For day fifteen, I chose a Sheaffer Targa. This is the first "real" fountain pen I owned; in fact, the pen I used is exactly the same pen, bought in 1978. I haven't used it in years, since I moved away from cartridge / converter pens, but I thought it would be interesting to see how it stacks up against all the other pens I've tried since. I filled the squeeze converter with Noodlers Burgundy ink.
The squeeze filler worked without much fuss, pulling in enough ink to last for the entire writing session. Although the Targa's nib is not the smoothest I've ever felt, I was surprised at just how easy it was to use. Of course, I spent years gripping this pen, so a certain amount of familiarity, even after so many years, is probably to be expected. The brushed stainless steel is an attractive, practical finish.
The nib was nice and wet, with good ink flow. Although I would no longer be happy using this pen and no other for days on end, if I were stranded with nothing else to write with, I could go on writing for as long as my supply of ink held out without any real problems. This is a good, basic pen for any writer. There are many different versions out there, to suit a wide range of tastes. If you don't want to use bottled ink, it takes standard Sheaffer cartridges, although disappointment with Skrip inks was another reason I set this pen aside for so long.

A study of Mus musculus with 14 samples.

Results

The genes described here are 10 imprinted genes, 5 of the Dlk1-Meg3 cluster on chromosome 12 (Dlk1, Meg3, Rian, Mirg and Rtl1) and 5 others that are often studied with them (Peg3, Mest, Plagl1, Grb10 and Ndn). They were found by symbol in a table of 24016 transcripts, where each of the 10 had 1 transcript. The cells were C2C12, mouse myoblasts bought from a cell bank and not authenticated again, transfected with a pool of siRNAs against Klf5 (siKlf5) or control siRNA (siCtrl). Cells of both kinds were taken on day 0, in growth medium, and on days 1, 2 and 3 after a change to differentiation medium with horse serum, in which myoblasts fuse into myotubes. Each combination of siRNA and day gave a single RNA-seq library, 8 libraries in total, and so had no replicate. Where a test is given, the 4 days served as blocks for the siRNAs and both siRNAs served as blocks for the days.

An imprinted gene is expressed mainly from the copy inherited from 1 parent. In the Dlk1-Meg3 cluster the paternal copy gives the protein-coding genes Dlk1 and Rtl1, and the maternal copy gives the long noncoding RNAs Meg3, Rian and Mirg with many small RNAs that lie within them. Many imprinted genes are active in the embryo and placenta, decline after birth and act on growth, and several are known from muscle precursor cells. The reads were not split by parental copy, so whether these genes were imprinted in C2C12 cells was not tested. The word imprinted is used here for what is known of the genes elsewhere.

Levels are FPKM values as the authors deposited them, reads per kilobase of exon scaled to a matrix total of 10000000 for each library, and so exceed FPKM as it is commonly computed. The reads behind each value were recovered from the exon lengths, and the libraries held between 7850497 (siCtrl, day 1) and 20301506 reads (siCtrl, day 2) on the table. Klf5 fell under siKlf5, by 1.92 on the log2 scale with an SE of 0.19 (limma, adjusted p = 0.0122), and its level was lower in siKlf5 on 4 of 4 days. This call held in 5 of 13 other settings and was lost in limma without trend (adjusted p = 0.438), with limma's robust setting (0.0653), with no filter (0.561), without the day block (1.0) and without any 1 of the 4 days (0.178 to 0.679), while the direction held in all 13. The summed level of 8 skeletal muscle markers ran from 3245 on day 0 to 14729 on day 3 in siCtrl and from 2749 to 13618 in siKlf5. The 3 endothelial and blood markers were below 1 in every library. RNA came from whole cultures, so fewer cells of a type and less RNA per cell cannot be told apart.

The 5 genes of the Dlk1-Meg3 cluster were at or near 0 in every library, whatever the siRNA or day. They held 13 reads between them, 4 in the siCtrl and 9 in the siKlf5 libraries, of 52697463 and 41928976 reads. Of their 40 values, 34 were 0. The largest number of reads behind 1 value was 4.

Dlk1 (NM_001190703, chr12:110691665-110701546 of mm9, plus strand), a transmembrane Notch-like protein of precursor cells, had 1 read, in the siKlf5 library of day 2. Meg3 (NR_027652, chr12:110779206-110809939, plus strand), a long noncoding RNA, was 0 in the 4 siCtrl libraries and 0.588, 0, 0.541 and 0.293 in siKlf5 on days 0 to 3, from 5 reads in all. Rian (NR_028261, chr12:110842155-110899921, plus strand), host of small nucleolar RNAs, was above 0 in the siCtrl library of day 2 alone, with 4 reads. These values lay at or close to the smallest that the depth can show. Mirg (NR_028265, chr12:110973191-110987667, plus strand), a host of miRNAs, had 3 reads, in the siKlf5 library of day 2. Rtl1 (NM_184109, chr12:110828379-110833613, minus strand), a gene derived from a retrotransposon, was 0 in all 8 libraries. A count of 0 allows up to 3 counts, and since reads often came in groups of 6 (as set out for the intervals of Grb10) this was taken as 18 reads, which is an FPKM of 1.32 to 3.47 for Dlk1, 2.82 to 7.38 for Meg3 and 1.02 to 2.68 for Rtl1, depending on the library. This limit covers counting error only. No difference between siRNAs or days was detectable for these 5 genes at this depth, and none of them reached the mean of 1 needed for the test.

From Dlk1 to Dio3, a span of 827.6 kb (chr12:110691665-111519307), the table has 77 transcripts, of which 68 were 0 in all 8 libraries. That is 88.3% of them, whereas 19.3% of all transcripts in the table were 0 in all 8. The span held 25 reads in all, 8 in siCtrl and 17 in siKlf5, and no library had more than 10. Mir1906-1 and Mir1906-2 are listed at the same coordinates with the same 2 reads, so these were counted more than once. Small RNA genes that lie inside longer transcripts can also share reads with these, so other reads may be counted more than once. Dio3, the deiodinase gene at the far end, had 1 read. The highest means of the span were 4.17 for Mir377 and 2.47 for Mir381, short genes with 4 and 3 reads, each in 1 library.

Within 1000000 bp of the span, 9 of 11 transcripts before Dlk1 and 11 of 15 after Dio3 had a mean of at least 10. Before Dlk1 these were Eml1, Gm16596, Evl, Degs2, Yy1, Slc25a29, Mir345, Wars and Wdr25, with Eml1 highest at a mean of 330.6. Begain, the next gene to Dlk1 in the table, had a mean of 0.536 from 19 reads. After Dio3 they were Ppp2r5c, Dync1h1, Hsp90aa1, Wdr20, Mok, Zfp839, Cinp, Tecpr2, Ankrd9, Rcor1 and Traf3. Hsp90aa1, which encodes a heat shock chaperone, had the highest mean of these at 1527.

Noodlers Burgundy is a nice, attractive colour, and it is a fairly wet ink with good flow that lubricates the nib nicely. It certainly behaves much better in this pen than I remember Skrip doing. For some reason, I found this one of the least suitable colours for writing a manuscript in. That is probably a matter of personal taste, since it is dark enough to read with no trouble. Whatever the reason, although I like it, at least at the moment, I can't think of a single story that would prompt me to choose this as the "right" ink.
As far as using it for markup, I'd want to be sure the ink I was contrasting it with was just right. It is dark enough it wouldn't jump right out against many purples, dark reds, or even black. And yet it is just bright enough to blend in with many brighter reds. It might work well in marking up a manuscript written in blue, or some other colour that would make it stand out.
As I continued to struggle to bring the story back on track, I wrote 1,513 words, for a total so far this month of 32,542 words. Although this is less than my target, my overall average is still better than two thousand words a day, so I'm not in serious trouble yet. I will have my work cut out for me when I begin the typing in process, since I'll have to stitch together the various passages and versions of events, without leaving any loose ends dangling.